When Reed showed up for work on May 12, he had to struggle through the new snow for three-eighths of a mile to reach a road grader parked on the pass to begin plowing.

"That set us back about a week," said Reed, maintenance supervisor for the Montana Department of Transportation in Red Lodge.

Despite the setback, Highway 212 over the Beartooth Pass, which rises to nearly 11,000 feet, is scheduled to open to the public for the summer season at 9 a.m. Friday.

Spring snow

Winter came late to the Montana side of the Beartooths this year. Reed said that when the state crew began clearing the road on April 19, the snowpack was the lowest he'd seen. Then the storm two weeks ago hit and progress slowed.

"You've got to expect that to happen up here," Reed said. "The later in the year it happens, it creates more pressure to get the pass open on time."

Montana is responsible for clearing 11.4 miles of the nationally designated scenic byway that connects Red Lodge to the Northeast Entrance of Yellowstone National Park. The National Park Service clears the Wyoming side of the roadway.


On Tuesday morning, the Park Service plows, which have to negotiate the deepest drifts along the roadway, were about six miles from the Montana-Wyoming state line.

"While they have not been battling as deep a snowpack as in some previous years, the area has been receiving repeated heavy spring snowfall, which means they've been backtracking quite a bit," Al Nash, chief of public affairs for Yellowstone National Park, said in an e-mail. "The hope is to reach the state line sometime Wednesday, and then work to remove the ice layer underneath Wednesday and Thursday in order for the road to open as scheduled on Friday morning."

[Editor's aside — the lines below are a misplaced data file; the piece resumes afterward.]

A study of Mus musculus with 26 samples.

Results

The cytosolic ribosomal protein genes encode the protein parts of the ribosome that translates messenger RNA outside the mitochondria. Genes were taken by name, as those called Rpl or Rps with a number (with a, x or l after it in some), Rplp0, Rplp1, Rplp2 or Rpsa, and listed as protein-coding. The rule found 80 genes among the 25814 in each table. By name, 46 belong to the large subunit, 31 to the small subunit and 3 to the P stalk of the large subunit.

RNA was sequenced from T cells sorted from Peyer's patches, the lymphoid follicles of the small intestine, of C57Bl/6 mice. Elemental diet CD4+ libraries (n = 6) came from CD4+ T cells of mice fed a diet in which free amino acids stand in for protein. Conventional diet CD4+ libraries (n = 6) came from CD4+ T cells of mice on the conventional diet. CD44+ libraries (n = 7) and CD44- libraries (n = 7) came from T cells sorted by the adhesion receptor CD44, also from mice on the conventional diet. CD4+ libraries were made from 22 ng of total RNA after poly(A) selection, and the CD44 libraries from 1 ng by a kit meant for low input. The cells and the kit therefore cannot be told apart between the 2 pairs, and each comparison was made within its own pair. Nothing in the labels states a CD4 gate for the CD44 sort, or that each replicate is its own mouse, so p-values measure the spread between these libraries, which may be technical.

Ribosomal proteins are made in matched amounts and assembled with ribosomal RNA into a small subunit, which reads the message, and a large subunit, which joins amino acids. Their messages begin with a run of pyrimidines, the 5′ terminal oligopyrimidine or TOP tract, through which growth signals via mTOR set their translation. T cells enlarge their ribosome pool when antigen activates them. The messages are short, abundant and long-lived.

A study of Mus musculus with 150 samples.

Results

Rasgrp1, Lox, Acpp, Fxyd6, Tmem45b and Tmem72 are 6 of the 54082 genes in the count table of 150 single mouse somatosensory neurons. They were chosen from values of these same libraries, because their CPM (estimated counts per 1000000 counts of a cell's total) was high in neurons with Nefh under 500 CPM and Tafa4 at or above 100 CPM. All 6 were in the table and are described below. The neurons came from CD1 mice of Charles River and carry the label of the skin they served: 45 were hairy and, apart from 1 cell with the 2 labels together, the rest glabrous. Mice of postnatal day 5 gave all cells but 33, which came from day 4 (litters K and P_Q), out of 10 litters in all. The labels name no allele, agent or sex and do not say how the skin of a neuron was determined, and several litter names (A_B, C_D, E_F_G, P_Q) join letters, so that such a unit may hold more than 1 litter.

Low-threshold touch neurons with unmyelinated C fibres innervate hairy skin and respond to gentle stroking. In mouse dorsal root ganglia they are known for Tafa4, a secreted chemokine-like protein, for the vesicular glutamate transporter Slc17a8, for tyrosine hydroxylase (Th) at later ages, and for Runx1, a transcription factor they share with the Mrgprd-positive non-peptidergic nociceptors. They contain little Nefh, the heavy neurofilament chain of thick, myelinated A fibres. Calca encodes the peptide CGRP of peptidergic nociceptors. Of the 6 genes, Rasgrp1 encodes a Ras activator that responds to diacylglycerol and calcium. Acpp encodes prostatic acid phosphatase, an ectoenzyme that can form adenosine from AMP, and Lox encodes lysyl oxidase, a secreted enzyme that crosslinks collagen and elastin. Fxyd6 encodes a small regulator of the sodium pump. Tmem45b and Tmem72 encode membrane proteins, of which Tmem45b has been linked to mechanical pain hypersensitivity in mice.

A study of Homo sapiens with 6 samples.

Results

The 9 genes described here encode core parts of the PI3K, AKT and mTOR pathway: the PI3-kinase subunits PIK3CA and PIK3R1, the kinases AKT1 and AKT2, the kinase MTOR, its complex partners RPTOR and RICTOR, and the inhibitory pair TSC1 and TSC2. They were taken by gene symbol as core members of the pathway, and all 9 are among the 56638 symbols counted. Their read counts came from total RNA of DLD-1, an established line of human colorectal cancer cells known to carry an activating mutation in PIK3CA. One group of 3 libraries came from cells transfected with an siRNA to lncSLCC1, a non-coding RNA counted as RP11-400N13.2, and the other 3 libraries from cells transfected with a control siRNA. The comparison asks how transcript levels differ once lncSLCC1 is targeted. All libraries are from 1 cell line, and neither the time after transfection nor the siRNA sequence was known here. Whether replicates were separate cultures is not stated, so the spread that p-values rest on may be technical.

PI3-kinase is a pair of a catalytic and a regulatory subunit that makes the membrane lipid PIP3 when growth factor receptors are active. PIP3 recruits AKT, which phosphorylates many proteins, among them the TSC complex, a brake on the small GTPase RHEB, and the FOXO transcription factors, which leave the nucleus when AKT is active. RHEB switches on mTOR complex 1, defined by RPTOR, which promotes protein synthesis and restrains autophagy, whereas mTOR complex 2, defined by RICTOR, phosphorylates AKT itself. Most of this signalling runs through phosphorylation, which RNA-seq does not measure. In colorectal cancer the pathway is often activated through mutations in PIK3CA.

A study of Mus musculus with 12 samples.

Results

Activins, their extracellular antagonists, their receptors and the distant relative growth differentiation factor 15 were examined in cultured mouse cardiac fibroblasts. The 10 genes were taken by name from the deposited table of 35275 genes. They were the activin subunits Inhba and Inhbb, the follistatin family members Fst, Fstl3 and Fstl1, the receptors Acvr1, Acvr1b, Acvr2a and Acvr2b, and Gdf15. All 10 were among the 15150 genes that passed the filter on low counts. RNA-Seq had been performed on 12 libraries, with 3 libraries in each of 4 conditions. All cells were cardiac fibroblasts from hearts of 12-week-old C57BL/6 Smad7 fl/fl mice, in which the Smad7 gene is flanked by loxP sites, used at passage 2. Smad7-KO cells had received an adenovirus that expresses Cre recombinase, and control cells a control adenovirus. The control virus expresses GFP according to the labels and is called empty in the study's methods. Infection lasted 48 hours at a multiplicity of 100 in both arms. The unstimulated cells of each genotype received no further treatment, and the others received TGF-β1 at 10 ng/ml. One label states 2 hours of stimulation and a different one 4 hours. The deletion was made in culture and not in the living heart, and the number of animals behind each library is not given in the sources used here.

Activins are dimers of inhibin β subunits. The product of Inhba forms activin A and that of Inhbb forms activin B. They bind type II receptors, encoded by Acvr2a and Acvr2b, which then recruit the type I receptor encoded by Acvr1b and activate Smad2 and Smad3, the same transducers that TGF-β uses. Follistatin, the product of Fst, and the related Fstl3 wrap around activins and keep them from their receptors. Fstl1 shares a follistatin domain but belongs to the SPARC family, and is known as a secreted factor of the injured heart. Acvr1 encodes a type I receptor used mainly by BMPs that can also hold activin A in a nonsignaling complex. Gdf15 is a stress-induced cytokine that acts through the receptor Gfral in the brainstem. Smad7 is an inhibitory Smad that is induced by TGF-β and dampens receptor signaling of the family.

As further evidence of the low snowpack, when the History Channel's "Ice Road Truckers" television show decided to film a promotional video on the Beartooth Pass in late April, it only took the front-end loader they hired two days to reach the Vista Point overlook.

"That usually takes us two weeks," said Randy Roth, maintenance chief for the Billings Division.


Snow isn't the only element of nature that the road crews battle atop the mountain range.

"It's the wind that does the damage up here," Reed said.

As evidence, the so-called Line Drift near the Montana-Wyoming border on the plateau was cleared Friday. On Tuesday, it was drifted in 5 feet deep again.

The wind also rips signs off signposts over the winter, so signs are removed and rehung in the spring.

Rockfall, especially on the Montana side of the road, is also a constant concern. In places where rock-catching steel nets are strung, Reed said, it's a three- to four-day job to remove the guardrail, unhook the netting and scoop out the rockfall backed up behind the skirting with a front-end loader.

Every time it rains or snow melts or there's freezing and thawing, more rocks fall that the crews must scrape off the highway, even after it opens.

And this year, crews confronted another problem. A glacier buried by a rockslide that is underneath the road near the third switchback receded and left a portion of the highway's concrete slab hanging in mid-air. The old concrete was torn out, fill was added and graded and new asphalt laid down in a 2-1/2-week job that patched 300- and 165-foot sections of the roadway.

"It's still amazing to me how you can hang a road over the side of a mountain and it stays there," Roth said.

Even with the roadway opening on Friday, Reed said it's almost guaranteed snow will close the road to travel early in the summer until plows can clear a route again.

"It's almost a given that it's going to snow sometime this weekend," Reed said.